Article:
The UK Government’s research evaluation system encourages a higher quantity and lower quality of work from academics, according to a paper published this week from an interdisciplinary international team led by Queen Mary’s Dr Moqi Groen-Xu.


Many academics face evaluation pressure from their institutions and grant bodies, so regular assessments like REF are used to encourage research activity and allocate funding, which can have major financial and career consequences for universities and researchers. 

Before each REF deadline in the new study (1996, 2001, 2008 and 2014), UK researchers published significantly more papers – and these tended to be in journals with lower impact rankings, where they then generally receive fewer citations and stop receiving them sooner, as well as being more likely to get retracted.

Researchers noticed this trend reversed abruptly after the REF assessments, when UK researchers started producing higher-quality papers in lower numbers. The study also found that publications made after REF showed more variation in quality, indicating that researchers experiment in novel areas more when they’re not as focused on REF deadlines.

Lead author Dr Moqi Groen-Xu, senior lecturer in Queen Mary’s School of Economics and Finance, said: “These patterns are especially worrisome because they do not seem to just set the time for natural research cycles with their ups and downs. The same researchers produce a steadier flow of papers in years that they spend outside the UK.”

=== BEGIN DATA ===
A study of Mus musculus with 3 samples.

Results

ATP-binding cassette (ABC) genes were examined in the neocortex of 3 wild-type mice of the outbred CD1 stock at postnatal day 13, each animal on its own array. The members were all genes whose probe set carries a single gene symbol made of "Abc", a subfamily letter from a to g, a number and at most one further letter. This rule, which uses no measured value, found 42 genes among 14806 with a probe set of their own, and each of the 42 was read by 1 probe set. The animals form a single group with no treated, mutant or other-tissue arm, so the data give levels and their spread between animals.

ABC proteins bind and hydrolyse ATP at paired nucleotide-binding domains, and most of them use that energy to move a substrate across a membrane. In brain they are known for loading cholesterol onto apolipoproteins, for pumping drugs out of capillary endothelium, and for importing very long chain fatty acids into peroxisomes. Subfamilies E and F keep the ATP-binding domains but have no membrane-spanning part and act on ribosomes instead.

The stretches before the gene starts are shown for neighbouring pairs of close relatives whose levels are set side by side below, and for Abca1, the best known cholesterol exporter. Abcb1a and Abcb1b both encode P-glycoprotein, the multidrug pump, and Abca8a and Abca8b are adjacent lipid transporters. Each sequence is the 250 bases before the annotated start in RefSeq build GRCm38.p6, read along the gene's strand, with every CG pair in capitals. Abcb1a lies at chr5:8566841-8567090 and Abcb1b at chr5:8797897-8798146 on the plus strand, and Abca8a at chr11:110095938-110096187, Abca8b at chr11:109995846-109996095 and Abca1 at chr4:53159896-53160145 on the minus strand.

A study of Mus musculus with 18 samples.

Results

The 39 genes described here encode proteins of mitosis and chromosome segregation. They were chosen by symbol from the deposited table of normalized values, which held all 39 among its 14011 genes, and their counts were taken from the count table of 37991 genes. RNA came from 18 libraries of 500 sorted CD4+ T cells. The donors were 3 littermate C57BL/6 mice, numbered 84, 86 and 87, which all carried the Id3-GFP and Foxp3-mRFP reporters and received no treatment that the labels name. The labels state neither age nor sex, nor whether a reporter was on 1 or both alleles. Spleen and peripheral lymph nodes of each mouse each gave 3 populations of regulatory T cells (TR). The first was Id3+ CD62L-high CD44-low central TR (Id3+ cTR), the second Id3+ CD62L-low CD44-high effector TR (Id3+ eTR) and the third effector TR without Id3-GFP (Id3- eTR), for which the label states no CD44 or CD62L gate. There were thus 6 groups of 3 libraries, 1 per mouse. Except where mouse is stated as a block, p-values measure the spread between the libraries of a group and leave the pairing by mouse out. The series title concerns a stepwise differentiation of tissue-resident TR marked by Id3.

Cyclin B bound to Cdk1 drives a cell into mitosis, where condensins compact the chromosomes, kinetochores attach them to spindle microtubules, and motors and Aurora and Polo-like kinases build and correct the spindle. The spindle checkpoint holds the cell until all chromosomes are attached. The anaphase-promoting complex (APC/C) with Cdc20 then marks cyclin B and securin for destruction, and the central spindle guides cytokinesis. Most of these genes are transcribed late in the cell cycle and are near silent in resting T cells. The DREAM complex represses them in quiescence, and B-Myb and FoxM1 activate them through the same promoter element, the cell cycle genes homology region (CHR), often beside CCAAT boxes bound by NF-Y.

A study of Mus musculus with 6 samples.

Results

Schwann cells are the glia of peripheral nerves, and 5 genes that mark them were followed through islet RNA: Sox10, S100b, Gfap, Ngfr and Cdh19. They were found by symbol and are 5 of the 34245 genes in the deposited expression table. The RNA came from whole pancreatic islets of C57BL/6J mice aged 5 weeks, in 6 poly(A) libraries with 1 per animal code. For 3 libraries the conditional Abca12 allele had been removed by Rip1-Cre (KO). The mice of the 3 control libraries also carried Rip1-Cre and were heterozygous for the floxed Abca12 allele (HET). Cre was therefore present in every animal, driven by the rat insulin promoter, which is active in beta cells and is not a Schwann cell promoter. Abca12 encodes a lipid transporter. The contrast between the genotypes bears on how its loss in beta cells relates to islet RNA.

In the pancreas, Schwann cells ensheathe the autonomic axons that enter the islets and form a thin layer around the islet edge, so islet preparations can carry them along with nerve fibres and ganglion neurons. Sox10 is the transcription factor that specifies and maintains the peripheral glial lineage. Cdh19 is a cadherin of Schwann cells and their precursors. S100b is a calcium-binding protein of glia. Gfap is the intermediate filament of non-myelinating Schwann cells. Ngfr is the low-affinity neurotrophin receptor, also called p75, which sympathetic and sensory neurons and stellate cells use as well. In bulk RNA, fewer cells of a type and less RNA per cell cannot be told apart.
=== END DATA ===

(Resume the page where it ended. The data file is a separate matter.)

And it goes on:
While the paper concludes that REF’s shifting incentives are unintentional, the authors also call for change to rebalance the scales and better support long-term exploratory research. Dr Groen-Xu explained: “If you work in a fast-paced field such as computer science, an evaluation every five years may not matter so much in terms of which projects you pursue, or which journals you publish in – but if your projects can take more than five years, the REF can be really disruptive.

“If you give researchers too much time, they operate under less pressure and may slack off, or are reluctant to cut ambitious projects that have not taken off despite investment. If you give them too little time, they may stick to low-hanging fruit: more established research streams, easier journals. It’s unfortunate that designers of cross-field evaluations often forget that research areas differ in where the sweet spot is.”

The full research paper was published online this week in Research Policy, ahead of printing in the journal’s July issue.